In spring a young man's fancy turns to love, and why not an older man's?
Bill English will be wooing the coy and enigmatic Winston Peters tirelessly with flowers, chocolate and scotch in the hours, days, weeks and years ahead. And possibly kittens. They were big this year.
I'd call it a pyrrhic seduction, but love in election time is all about who's left standing at the end of the party. It leads to unlikely couplings, disgruntled aspirants, and the jilted sobbing in the loo.
I call it love, but let's not call it romance.
I blame Metiria Turei for the collapse of the left. If she hadn't blurted out her past welfare rip-off, the Greens would have stood a decent chance of forming a government with Labour.
In the cocoon of mutual love among her colleagues was she deluded enough to think the whole country had a crush on her?
We'll never know, but her former leadership partner, James Shaw, has looked stiff and stunned ever since.
Maybe the pair of them thought her confession would automatically lead to applause and exoneration. How quaint.
Never justify, never explain, and above all admit nothing should have been their mantra. And her a lawyer.
The other culprit, if you ask me, was the TV makeup crew for the final debate between English and Jacinda Ardern, which had me in despair.
As any woman knows, handing yourself over to makeup artists is an exercise in horror as they plaster over the cracks and gaily heighten the horrid.
If you're a teenager they make you look middle-aged, if you're middle-aged they make you look ancient.
You can expect nothing less when they're face-painted up like budgies themselves, loose and shiny, but by the time they'd finished thick with product, twirled with heated rods, brittle looking. It did her no favours.
I recall a similar experience long ago getting my hair sorted to go to a ball.
Aghast, I held my head under the tap at home until all the goo had rinsed out and didn't go to a hairdresser again for a decade.
But they hadn't finished with Jacinda.
Next, they did what they all do, spread pale highlighter thickly over her upper cheeks with a small trowel, especially on the cheekbone line, to attract any light bouncing around, while underneath painting gaunt hollows in various shades of henna and shoe polish.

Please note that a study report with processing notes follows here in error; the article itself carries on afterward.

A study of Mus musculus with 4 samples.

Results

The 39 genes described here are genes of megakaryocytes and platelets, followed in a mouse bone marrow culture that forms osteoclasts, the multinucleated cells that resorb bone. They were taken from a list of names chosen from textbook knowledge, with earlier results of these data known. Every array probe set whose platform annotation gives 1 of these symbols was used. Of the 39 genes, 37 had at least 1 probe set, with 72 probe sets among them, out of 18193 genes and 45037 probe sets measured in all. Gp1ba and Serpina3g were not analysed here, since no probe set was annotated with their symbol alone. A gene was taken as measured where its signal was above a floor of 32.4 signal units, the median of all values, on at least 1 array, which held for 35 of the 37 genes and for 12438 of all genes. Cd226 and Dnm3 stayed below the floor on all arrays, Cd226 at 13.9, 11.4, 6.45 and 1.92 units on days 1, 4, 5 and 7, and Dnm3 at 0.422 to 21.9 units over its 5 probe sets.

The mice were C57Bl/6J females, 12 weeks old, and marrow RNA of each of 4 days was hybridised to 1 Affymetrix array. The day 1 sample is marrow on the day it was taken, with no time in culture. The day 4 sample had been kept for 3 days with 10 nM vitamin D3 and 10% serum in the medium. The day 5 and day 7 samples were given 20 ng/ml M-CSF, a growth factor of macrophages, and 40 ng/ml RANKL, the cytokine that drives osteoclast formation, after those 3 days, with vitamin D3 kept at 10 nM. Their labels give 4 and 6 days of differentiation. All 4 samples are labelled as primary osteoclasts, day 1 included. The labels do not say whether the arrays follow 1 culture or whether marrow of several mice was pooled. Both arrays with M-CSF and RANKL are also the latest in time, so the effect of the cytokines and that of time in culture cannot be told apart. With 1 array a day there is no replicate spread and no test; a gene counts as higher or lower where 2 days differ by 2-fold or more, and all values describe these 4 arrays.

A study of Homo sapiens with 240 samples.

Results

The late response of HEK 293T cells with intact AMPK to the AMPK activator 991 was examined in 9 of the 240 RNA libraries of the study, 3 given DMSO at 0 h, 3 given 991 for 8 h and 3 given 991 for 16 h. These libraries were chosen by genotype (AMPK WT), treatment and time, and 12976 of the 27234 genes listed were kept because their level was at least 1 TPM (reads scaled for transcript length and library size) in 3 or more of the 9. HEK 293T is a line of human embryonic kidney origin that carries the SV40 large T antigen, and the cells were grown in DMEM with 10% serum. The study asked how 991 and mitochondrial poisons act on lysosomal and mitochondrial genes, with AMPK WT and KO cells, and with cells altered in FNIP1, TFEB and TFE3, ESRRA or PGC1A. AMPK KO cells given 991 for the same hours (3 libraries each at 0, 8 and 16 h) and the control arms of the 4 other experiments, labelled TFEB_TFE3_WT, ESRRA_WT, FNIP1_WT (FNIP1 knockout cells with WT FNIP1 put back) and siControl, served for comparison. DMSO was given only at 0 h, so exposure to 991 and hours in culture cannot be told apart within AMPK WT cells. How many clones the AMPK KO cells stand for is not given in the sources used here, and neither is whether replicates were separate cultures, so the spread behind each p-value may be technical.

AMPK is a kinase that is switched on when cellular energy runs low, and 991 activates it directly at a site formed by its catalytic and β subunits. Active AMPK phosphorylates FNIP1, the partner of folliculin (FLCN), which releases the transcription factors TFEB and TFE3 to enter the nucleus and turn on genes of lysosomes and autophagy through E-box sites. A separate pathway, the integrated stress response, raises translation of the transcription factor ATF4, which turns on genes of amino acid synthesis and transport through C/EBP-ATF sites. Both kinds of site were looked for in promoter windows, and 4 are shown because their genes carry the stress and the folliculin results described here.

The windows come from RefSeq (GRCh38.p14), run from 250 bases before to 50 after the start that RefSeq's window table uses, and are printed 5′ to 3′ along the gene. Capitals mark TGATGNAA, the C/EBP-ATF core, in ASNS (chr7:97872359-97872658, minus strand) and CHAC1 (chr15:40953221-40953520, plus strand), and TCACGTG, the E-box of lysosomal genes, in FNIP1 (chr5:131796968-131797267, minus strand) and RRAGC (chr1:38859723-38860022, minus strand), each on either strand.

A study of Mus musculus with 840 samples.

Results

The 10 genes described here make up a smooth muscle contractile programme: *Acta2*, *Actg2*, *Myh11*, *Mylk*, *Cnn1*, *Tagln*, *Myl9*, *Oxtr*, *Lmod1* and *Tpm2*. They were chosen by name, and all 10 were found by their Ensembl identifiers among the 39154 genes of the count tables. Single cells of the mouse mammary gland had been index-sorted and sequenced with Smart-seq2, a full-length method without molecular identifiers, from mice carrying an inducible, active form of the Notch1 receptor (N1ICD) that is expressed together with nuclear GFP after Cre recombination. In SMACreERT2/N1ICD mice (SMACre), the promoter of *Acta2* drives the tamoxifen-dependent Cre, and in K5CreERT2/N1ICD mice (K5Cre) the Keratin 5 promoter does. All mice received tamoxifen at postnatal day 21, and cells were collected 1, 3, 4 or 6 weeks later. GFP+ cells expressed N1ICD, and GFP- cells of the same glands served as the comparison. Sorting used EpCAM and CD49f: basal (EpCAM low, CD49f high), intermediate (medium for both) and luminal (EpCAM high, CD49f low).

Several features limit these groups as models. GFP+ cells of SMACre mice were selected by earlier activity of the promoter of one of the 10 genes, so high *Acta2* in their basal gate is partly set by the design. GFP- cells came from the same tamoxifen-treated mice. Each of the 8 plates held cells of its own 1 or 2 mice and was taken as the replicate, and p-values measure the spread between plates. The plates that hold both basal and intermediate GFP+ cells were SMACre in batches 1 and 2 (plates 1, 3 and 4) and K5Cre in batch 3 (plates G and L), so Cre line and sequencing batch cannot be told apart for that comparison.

The effect - and this is an attractive, healthy woman - was to make her look like a 19th-century TB sufferer aged 93.
You know when makeup women have finished with the slap that you look weird, and it saps your confidence.
This would explain why I detected a new hesitancy, an urge to look down at notes with the camera on her, on Jacinda's big night, while kindly viewers must have wondered if the poor girl had caught the nasty flu that's been doing the rounds.
Let that be a lesson to her. Fight the makeup department off at all costs. Always be yourself.
Overseas more couplings are being monitored among the aristocracy and the famous.
It may be autumn up north but Prince Harry and Meghan Markle are skipping about like young lambs in the giddy grip of romance, women's magazines tell us, complete with exclusive magazine interviews (hers).
Prince Harry is at the Invictus Games in Toronto, her home town, and she is expected to appear at his side, fuelling speculation that she'll soon get a huge rock on her finger and they'll live happily ever after. Or not.
I mentioned that in the course of love some people are jilted. They may turn bitter and seek revenge, and surely Markle's ex-husband, with whom she has a young child, has that down to a fine art.
Trevor Engelson, a producer, is pitching a concept at Fox that explores a "fictional" divorce followed by a new life sharing custody with Britain's royal family.
The concept, Fox has revealed goes, "Divorce is hard. Sharing custody is harder. Sharing custody with the British royal family in the unforgiving spotlight of London's tabloid media is next level".
Such an orgy of bad taste from an ex could only be bettered by a promise of Harry making a guest appearance.
Yet - what makes me think that even this is possible?